Soccer fans around the world are anxiously anticipating this summer's FIFA World Cup. FIFA's broadcast partner, Infront Sports and Media, is apparently looking ahead to the World Cup for a different reason. With the exclusive broadcast rights in hand, Infront's lawyers are sending pre-emptive notice and takedown notifications to Internet service providers. One Canadian ISP has received a letter from Baker & McKenzie, the Infront's Canadian counsel, in which the firm notes the potential for the posting of unauthorized clips or images from the games and demands:
"Should your service be used for the purpose of such unlawful activities we will alert you as a matter of urgency and trust you will assist in taking down any infringing material so you can avoid any joint liability for such infringements, as well as assisting us in identifying the infringers."
While the World Cup is an important sports event, is it really so important that its rights holders and their lawyers believe that Canadian law doesn't apply to them? At least three issues come to mind.
First, Canada does not have a notice and takedown system, but rather an informal notice and notice agreement that even rightsholders such as AOL/Time Warner believe is suitable. This system requires that ISPs only notify subscribers of allegations of infringement with the takedown only coming under court order. If this system is good enough for child pornography, surely it is good enough for a video clip of soccer game. Second, the veiled threat of joint liability is simply nonsense. There is no legal reason to believe that an intermediary would be held liable for the allegedly infringing actions of a subscriber where it declines a demand to takedown content absent a court order. Third, the request to assist in the identification of alleged infringers is particularly offensive, since runs completely counter to Canada's privacy legislation and the Federal Count of Appeal's BMG v. Doe decision that set out a clear roadmap for the disclosure of such personal information.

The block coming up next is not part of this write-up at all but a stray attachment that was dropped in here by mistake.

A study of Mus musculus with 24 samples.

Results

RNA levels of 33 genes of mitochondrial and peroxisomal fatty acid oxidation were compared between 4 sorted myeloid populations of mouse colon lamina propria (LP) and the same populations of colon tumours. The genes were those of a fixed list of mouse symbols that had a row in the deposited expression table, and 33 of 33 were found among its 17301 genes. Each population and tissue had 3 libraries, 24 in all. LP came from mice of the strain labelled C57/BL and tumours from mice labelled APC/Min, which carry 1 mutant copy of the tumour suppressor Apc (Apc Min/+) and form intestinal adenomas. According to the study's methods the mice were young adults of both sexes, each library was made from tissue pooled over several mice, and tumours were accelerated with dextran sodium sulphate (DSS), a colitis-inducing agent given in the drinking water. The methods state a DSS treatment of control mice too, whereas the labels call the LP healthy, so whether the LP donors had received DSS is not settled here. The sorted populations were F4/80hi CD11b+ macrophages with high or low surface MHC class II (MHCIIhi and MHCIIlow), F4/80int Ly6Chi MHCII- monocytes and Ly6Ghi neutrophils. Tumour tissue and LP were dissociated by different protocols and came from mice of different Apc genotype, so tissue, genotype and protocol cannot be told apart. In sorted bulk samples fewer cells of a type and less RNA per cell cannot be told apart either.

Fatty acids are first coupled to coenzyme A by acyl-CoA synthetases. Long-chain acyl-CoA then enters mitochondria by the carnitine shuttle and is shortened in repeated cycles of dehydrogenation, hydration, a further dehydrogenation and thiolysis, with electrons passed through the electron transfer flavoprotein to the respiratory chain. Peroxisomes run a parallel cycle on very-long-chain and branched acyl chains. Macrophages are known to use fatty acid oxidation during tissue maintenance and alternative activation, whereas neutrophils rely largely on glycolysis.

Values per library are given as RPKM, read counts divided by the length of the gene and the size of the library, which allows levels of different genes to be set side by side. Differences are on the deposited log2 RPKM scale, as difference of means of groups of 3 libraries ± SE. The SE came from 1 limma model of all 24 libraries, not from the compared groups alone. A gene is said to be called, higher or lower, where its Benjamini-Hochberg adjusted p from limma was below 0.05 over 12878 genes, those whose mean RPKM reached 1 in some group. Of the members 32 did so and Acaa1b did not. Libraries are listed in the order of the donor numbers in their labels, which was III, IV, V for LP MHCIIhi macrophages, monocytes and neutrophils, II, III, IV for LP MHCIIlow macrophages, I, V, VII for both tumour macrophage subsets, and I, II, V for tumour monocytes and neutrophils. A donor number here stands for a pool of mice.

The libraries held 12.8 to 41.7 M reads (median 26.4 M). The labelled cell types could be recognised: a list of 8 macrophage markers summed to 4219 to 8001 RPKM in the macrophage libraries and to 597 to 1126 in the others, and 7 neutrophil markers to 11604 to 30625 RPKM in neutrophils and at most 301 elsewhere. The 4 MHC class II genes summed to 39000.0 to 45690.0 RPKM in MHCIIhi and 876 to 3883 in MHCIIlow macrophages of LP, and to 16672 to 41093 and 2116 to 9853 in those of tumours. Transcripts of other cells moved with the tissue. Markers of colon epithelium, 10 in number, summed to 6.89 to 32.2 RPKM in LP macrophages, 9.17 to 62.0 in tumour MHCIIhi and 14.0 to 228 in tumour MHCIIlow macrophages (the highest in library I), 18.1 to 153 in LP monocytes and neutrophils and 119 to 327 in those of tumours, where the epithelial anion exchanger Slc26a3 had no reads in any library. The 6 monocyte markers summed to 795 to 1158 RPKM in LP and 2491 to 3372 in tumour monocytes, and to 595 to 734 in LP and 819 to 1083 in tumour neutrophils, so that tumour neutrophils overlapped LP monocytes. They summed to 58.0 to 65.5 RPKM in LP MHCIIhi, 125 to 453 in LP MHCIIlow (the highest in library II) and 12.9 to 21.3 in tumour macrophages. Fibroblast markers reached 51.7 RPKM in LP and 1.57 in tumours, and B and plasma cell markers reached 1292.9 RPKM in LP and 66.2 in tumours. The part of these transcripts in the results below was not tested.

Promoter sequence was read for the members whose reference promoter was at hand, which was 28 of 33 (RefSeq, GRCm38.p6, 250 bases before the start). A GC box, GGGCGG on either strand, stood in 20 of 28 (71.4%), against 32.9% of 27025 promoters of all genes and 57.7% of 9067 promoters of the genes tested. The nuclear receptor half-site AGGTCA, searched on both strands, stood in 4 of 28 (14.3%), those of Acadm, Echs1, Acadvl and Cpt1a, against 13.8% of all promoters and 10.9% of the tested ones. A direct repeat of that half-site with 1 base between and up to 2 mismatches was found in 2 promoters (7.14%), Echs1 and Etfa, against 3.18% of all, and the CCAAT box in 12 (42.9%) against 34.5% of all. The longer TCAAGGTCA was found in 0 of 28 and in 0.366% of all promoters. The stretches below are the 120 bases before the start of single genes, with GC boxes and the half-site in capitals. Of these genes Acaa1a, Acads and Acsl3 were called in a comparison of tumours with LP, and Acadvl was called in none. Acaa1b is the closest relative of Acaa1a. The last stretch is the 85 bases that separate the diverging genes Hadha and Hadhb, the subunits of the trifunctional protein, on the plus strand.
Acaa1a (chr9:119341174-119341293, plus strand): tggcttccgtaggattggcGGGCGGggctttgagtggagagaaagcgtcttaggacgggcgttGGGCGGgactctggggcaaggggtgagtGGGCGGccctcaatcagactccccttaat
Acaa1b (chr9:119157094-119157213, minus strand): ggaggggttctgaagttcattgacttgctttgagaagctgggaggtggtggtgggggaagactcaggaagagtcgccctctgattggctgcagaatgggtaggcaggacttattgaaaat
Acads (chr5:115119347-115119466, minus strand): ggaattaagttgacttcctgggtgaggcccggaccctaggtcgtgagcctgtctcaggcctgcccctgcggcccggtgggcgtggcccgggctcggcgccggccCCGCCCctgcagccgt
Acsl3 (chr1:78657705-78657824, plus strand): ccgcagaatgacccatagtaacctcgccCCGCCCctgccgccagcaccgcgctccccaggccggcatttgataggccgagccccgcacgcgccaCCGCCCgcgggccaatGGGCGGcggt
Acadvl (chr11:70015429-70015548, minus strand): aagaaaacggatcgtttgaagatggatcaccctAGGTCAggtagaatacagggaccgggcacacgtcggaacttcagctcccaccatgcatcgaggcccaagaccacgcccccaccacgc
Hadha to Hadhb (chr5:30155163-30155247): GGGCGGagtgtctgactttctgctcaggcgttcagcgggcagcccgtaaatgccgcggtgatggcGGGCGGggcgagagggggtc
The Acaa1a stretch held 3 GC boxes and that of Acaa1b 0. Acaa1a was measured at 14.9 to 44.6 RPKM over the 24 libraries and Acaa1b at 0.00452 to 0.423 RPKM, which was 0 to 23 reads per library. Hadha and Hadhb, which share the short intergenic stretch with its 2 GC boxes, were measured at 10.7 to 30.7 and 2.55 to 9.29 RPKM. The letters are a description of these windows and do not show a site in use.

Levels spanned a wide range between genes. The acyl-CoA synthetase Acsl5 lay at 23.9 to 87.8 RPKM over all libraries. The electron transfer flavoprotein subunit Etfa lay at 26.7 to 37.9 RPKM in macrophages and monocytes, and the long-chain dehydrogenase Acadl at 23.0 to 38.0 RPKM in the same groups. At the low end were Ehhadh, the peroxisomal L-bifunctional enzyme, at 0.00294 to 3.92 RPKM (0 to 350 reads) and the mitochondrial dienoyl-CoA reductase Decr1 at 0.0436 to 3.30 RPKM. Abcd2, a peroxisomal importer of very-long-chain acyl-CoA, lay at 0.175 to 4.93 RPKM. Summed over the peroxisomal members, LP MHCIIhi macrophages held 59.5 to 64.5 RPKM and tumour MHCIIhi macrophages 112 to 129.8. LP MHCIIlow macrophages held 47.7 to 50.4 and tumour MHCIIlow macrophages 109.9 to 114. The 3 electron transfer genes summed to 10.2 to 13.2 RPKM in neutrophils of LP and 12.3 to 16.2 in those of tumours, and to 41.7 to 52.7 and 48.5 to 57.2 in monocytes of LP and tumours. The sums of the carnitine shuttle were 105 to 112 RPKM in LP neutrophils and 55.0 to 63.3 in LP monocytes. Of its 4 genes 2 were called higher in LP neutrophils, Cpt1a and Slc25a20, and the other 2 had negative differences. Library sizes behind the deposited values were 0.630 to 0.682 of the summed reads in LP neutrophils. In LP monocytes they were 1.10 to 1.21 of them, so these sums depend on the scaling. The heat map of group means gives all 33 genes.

It is abusive demands such as these that give many Canadians reason for concern about overly aggressive rights holders who shoot first and aim later. Rather than a pre-emptive takedown notification, this situation seems to call for a pre-emptive privacy education from the Privacy Commissioner of Canada for Insight and its lawyers.